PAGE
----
Denali National Park Hikers Are Contaminating Glacier by Leaving Their Poop

Most backpackers can count on their packs weighing less on the way down the mountain than they did going up, but in Denali National Park there’s one more thing hikers might soon be expected to bring off of the mountain with them—their poop.

Officials at Denali and researchers are now exploring the option of limiting the disposal of human waste on the mountain, a move that would mean some hikers would have to take their waste with them.

Currently, hikers at Denali, formerly Mount McKinley, are provided with “Clean Mountain Cans” by park rangers to use for the duration of their hike. The CMCs, introduced in 2007, are essentially portable toilets designed to hold up to 1.88 gallons of human waste, according to the National Parks Service.

Hikers use the portable toilets equipped with biodegradable bags to capture and carry their waste from the 17,200 foot camp that was dirty with waste before the CMCs were introduced. Not only did the waste at the camp cause it to be unsightly but it also led to the spread of disease and gastrointestinal illness through water contamination.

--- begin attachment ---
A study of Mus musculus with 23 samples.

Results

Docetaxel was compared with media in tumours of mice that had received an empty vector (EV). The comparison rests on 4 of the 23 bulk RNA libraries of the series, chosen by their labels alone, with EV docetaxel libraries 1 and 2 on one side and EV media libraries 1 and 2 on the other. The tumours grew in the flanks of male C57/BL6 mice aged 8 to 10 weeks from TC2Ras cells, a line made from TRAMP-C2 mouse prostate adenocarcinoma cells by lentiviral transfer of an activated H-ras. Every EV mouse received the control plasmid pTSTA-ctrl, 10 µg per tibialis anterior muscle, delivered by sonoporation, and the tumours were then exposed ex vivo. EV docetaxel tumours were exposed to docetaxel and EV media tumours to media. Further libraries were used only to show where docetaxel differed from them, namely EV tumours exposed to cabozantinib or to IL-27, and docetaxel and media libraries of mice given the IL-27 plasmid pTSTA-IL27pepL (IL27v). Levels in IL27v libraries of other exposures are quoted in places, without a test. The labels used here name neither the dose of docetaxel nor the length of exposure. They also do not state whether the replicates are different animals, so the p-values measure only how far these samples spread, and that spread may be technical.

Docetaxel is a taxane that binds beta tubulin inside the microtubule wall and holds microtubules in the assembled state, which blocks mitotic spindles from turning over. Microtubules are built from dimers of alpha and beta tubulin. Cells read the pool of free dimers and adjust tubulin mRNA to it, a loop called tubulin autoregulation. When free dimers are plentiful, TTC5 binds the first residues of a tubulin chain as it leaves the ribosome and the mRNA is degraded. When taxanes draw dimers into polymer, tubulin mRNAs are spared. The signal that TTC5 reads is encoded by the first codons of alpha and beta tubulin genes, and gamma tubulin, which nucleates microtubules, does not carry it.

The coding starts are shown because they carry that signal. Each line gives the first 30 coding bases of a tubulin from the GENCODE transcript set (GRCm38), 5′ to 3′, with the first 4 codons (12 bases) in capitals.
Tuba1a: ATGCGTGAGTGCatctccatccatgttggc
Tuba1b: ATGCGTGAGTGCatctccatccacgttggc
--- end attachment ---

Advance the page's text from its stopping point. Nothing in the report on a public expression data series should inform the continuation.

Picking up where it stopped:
denali cmc Hikers on Denali are provided "clean mountain cans" or portable toilets to collect their waste in during their trips. NPS

Once hikers capture their waste in the CMCs they then drop it into deep crevasses in the glacier’s surface between the 14,200 foot elevation camp and base camp. But research from Michael Loso, a geologist with the NPS, shows that the current practices might also be harming the glacier and overall environment in the park, The Guardian reported.

Roughly 1,200 hikers are disposing of their waste in this manner every year. That means there has been about 215,000 pounds of human waste deposited on the glacier since the first ever hikers visited the park, according to NPS.

denali national park Hikers at Denali National Park currently throw their poop in to crevasses along the glacier, soon they might have to carry it down the mountain with them. NPS/Nathan Kostegian

All of that waste gets buried each year because the crevasses are located in the accumulation zone where snow falls and builds up the glacier. But when the glacier flows, the waste flows as well, making its way to the ablation zone, where the glacier melts out at a lower altitude, according to NPS. The study Loso did shows that the human waste and the bacteria it contains is already entering the water and making its way downstream.

Loso and his team plan to do more research on the rate of flow as well as alternative options for waste disposal moving forward, said NPS.

The National Parks Service and park rangers at Denali did not immediately respond to Newsweek’s request for comment.